Vail Valley Scenery column: Vail Jazz Foundation is improvising into the future |

Vail Valley Scenery column: Vail Jazz Foundation is improvising into the future

Ann and Andy Newman.
Carolyn Pope | Special to the Daily |

Jazz: “American music developed especially from ragtime and blues and characterized by propulsive syncopated rhythms, polyphonic ensemble playing, varying degrees of improvisation, and often deliberate distortions of pitch and timbre,” Merriam-Webster Dictionary (online).

Jazz: “That which makes my soul soar, and communicates to me in a way that nothing else does,” Howard Stone, founder of the Vail Jazz Festival.

Same word, vastly different interpretations. But for jazz lovers, nothing quite speaks like the sound of varied instruments that come together and create something inventive and amazing. It’s rather the essence of the human experience. So little matters, except the end result, forged from creativity, a love of music, a connection with our existence.

After the Dallas Symphony Orchestra performed a pops concert of hits from the movies at the Gerald R. Ford Amphitheater on Wednesday night, the first “Jam Session” of the summer was held at Larkspur restaurant. Members of the Dallas Symphony Orchestra cooperated with special guests Frank Vignola and Vinny Raniolo, whose fingers move faster than, well, fingers should physically be able to move on their guitars. Pops conductor Jeff Tyzik took the stage, trading his Abductor Pollicis Brevis Muscle (the muscle that holds the baton) for his Labium Oris muscles (that’s the lips, gentle readers), to belt out some jazz classics, including “Georgia on my Mind” — his lilting trumpet bringing the audience to their feet. The patrons not only enjoyed the sizzling jazz, but also a creative and palate-pleasing menu from Thomas Salamunovich and his staff at Larkspur. Guests included Bill and Shirley McIntyre, who underwrote the evening.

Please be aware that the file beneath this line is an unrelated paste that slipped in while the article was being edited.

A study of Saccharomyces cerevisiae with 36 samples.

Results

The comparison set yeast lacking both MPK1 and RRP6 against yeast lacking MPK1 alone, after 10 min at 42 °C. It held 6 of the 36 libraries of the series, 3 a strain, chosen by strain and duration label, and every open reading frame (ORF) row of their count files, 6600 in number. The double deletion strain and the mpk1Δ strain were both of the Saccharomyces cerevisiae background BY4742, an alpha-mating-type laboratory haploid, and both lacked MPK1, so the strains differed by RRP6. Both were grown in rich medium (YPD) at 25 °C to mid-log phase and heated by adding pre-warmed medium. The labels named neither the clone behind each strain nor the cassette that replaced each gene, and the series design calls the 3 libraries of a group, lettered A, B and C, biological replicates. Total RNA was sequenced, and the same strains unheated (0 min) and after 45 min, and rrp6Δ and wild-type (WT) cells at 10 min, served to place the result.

What is it about jazz? For Howard Stone, the question is hyperbolic. “Why do drug addicts never stop taking their drug of choice?” he asks. “I just can’t help myself.”


The Vail Jazz Festival is celebrating its 20th year in the valley. Howard and his wife, Cathy, have cultivated this festival over the years, making it accessible to any level of jazz aficionado, from novice to expert. Venues range from post Bravo Jazz Jams to Jammin’ Jazz Kids on Mondays for musicians ages 8 to 12, and the very popular Jazz @ Vail Square every Thursday evening at 6 p.m. in Lionshead and Jazz at the Market on Sundays. The festival culminates with the Vail Jazz Party the last weekend in August, where legendary jazz greats play pretty much nonstop for the whole weekend. Howard’s highlight, though, is the 12 students that the foundation brings in to study throughout the summer with the greats. He knows it’s the future of jazz.

Take it from me. One of Vail’s jazz favorites, Tony Gulizia (who plays every Sunday evening at Jazz at Kelly Liken), changed one kid’s life, my own son, with his passion for music and jazz. Bring on the kids!

As Howard said once to John Clayton, the director of education at the festival, about his 20 years with the organization: “I now know what I’m going to do for the rest of my life. And I’m glad I did.”

The Vail Jazz Festival and Vail Jazz Foundation are a nonprofit, 501(c)3 organization. Donations may be tax deductible. For the full lineup of the Jazz Festival, visit or call Robin Litt, executive director, at 970-479-6146.